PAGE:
This decision aid from the National Center for Posttraumatic Stress Disorder helps you learn about effective PTSD treatment options. You can read about the treatments or watch videos explaining how they work. You can even build a chart to compare the treatments you like most. At the end, you will get a personalized summary.
BrainLine sat down with Dr. Barbara Rothbaum, a professor in the Department of Psychiatry and Behavioral Sciences and director of the Trauma and Anxiety Recovery Program at Emory University School of Medicine and part of the Wounded Warrior Project’s® Warrior Care Network®. Dr. Rothbaum spoke about treating PTSD and her pioneering work in virtual reality exposure therapy.
Scientists are now able to see that PTSD causes distinct biological changes in your brain. Not everybody with PTSD has exactly the same symptoms or the same brain changes, but there are observable patterns that can be understood and treated.
Sleep problems and post-traumatic stress disorder (PTSD) share a complicated relationship, so for those experiencing or at risk for this double whammy, as well as for those treating patients, it’s important to understand how they can influence each other in a cycle. Learn the connection between PTSD and sleep, the different ways to approach treatment, the therapies available, and explore the connection between trauma and nightmares.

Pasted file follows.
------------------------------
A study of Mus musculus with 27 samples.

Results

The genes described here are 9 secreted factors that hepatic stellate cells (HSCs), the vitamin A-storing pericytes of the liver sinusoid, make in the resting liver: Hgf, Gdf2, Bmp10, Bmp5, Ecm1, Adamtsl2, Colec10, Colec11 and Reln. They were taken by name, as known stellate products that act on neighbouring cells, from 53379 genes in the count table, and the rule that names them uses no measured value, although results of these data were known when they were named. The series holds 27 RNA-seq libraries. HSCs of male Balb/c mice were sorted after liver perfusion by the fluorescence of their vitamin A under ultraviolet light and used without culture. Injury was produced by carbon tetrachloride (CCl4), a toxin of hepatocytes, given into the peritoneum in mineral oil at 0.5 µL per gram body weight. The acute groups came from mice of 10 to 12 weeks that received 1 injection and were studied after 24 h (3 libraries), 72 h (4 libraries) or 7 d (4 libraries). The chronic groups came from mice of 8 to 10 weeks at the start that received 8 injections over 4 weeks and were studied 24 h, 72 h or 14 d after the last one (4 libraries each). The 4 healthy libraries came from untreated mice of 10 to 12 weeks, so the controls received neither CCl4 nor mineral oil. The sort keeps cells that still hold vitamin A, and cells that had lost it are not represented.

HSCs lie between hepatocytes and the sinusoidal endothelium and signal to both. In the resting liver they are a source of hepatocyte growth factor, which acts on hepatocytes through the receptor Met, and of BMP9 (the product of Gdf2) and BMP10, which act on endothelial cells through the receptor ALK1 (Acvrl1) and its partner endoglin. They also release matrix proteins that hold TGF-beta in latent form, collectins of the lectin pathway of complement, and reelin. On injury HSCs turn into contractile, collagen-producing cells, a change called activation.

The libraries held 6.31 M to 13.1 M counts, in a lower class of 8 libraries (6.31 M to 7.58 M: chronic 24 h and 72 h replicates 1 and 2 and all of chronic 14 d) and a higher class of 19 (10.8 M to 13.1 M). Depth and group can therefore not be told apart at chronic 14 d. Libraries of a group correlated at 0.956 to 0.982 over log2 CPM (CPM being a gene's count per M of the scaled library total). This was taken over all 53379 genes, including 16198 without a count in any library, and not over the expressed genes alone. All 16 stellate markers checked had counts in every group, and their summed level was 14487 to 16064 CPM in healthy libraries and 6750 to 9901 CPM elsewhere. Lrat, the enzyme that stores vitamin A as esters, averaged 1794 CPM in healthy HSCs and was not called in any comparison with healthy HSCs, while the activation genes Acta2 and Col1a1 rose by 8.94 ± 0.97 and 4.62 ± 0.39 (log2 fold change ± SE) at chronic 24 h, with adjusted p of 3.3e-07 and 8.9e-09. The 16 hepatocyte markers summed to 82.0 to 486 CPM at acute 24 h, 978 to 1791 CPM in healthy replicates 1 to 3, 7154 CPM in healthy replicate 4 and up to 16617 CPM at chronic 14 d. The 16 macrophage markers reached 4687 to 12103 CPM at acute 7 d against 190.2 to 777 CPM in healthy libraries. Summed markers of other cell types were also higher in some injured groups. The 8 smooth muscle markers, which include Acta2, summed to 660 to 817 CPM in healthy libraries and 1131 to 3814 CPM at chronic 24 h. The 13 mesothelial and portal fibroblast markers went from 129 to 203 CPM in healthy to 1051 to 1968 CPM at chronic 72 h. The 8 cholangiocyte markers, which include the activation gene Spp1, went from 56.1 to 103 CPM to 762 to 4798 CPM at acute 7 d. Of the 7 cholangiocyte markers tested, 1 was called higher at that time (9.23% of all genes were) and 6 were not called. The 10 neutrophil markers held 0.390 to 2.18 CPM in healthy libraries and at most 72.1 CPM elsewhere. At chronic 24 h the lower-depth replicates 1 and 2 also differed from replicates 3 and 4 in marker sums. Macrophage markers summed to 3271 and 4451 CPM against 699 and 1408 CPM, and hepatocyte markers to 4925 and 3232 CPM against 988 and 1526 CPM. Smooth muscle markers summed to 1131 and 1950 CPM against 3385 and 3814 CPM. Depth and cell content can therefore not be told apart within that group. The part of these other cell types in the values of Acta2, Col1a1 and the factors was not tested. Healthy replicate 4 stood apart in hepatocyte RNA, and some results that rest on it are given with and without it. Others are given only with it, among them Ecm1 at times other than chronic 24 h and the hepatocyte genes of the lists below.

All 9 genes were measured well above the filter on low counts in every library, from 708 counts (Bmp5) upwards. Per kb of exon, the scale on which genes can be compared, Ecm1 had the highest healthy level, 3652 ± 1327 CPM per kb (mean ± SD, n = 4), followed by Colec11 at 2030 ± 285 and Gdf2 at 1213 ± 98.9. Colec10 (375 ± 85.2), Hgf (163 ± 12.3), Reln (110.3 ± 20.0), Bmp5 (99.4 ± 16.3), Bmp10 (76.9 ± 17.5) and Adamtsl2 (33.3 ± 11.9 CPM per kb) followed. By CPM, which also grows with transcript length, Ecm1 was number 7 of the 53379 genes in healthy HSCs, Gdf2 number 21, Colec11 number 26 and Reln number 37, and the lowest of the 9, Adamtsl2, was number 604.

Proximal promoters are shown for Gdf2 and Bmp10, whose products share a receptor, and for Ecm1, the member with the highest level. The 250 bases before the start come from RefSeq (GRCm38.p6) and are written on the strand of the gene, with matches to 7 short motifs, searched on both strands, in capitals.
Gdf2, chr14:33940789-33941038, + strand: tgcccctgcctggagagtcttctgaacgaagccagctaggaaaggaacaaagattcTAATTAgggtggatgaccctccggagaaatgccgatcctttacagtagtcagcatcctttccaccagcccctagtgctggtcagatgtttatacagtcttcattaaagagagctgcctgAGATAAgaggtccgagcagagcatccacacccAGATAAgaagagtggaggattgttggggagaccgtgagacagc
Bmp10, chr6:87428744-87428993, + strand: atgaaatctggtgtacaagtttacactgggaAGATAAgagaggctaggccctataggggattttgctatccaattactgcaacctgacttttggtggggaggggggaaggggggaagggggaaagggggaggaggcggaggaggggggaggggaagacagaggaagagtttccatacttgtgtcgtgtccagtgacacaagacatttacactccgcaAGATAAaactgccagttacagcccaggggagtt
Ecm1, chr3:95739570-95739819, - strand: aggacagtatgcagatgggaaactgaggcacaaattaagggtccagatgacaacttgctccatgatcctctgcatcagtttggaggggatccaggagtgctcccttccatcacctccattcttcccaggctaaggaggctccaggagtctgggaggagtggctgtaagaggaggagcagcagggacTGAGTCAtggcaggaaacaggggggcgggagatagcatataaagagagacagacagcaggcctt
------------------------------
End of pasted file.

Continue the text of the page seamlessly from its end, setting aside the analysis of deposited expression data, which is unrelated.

Music therapy is an evidence-based therapeutic application for the treatment of brain and psychological injuries such as TBI and PTSD. Substantial scientific evidence supports how and why music therapy works, but it also can be understood intuitively.
EMDR helps process and make sense of trauma. It involves calling the trauma to mind while paying attention to a back-and-forth movement or sound (like a finger waving side to side, a light, or a tone).
Prolonged Exposure (PE) teaches you to gradually approach trauma-related memories, feelings, and situations that you have been avoiding since your trauma. By confronting these challenges, you can decrease your PTSD symptoms.
Depression can sometimes be a double-whammy. While depressed, you don’t have the energy or confidence to do what you need to do to try to feel better. Here are a few strategies that people with post-TBI depression have suggested.